Among value and growth strategies, there is often a surprising amount of overlap.
Among the oldest investing strategies out there are the basic segmentation of stocks into two categories — value and growth. Value stocks tend to be more mature companies with higher dividend yields while growth stocks are younger companies trading at higher multiples but growing revenue more quickly.
Given the popularity of these strategies, it should be no surprise that there are ETFs that offer easy access to diversified baskets of stocks. But in many cases, the “value” and “growth” labels are not mutually exclusive. In fact, there are 185 stocks that are included in both the S&P 500 Growth ETF (IVW) and the S&P 500 Value ETF (IVE). These “overlap stocks” make up about 36 percent of the growth index and 32 percent of the value ETF.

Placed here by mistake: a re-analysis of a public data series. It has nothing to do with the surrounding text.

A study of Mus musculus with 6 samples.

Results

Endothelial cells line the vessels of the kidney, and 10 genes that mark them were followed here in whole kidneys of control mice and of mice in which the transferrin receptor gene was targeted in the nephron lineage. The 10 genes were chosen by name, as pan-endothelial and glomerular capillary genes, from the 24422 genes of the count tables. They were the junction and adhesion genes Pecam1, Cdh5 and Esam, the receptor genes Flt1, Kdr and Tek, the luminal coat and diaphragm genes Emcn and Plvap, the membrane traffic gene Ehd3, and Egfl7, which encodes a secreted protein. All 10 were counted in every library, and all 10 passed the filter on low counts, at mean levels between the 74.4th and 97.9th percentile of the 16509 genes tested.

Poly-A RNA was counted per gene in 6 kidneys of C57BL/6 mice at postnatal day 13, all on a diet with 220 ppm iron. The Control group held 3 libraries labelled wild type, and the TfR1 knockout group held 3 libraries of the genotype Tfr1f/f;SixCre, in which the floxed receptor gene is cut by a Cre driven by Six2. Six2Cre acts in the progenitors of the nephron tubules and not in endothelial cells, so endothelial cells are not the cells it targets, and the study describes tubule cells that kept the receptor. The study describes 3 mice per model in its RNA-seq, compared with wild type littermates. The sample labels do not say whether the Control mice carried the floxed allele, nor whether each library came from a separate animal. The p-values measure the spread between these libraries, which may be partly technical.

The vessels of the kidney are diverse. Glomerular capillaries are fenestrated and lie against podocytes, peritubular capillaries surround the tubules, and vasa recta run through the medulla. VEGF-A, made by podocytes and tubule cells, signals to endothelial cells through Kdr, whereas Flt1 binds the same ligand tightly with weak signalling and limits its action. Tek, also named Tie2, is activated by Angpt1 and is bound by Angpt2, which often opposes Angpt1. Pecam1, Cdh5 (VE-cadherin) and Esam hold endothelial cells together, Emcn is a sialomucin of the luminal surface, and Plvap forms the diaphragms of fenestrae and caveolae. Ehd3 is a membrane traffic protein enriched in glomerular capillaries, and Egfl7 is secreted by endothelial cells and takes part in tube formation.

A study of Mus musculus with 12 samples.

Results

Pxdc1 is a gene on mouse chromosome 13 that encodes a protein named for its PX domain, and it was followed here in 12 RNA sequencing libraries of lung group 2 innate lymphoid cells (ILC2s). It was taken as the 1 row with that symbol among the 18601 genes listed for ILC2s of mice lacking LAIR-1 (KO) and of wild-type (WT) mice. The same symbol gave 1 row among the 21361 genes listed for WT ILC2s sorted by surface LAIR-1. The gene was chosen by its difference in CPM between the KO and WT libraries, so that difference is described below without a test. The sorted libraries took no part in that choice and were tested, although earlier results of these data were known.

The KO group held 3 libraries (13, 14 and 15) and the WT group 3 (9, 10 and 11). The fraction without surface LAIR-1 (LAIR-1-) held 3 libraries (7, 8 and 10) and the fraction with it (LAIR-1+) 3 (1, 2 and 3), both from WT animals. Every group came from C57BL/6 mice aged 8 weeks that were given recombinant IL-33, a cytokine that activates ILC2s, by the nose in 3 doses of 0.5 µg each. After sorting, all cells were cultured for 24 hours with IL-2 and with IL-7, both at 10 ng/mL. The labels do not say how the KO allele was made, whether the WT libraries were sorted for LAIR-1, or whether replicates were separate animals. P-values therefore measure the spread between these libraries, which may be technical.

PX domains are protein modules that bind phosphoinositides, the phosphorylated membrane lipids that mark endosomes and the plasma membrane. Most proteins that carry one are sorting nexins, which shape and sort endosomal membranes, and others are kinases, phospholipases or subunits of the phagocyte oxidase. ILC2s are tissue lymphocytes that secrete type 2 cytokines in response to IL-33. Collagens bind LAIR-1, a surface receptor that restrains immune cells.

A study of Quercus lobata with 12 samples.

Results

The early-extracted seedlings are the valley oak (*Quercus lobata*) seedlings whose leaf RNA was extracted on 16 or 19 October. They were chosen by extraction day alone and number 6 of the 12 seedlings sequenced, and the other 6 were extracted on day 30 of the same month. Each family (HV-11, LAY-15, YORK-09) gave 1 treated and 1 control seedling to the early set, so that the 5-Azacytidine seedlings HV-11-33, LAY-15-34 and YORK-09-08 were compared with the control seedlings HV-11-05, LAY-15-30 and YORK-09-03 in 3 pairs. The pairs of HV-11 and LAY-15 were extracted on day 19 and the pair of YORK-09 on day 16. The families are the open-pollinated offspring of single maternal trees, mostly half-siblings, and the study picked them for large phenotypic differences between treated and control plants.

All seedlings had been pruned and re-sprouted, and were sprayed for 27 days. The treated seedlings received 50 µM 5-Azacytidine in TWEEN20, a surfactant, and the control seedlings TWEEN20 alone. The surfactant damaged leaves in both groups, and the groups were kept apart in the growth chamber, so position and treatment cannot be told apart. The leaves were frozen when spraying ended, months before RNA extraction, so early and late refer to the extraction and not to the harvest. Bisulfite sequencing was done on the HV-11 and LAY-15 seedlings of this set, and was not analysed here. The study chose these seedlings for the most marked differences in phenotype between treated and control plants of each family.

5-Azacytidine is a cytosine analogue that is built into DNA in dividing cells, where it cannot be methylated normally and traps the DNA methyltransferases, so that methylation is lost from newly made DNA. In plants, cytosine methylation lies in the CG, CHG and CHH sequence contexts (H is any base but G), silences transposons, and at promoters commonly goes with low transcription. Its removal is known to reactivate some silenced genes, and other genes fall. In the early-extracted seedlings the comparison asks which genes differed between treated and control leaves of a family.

It’s a similar story among mid-cap value and growth ETFs; there are 125 common holdings that make up 34 percent of the S&P MidCap 400 Growth ETF (IJK) and 28 percent of the S&P MidCap 400 Value ETF (IJJ).
The overlap between these funds doesn’t mean that investors should stay away from these ETFs. And it certainly doesn’t mean that they’re flawed. But they should be aware of the composition of the underlying portfolio, including the significant number of stocks that maintain both value and growth characteristics in both.
Guggenheim offers a suite of “pure style” ETFs that include only the stocks of each size that exhibit the strongest value and growth characteristics. Those include:
- S&P 500 Pure Growth ETF (RPG)
- S&P 500 Pure Value ETF (RPV)
- S&P MidCap 400 Pure Growth ETF (RFG)
- S&P MidCap 400 Pure Value ETF (RFV)
- S&P SmallCap 600 Pure Growth ETF (RZG)
- S&P SmallCap 600 Pure Value ETF (RZV)
About the Author: Michael Johnston
Michael Johnston is senior analyst for ETF Reference, and also serves as COO of parent company Poseidon Financial. His investment expertise has been featured in The Wall Street Journal, Barron’s, and USA Today, among other publications. He resides in Chicago.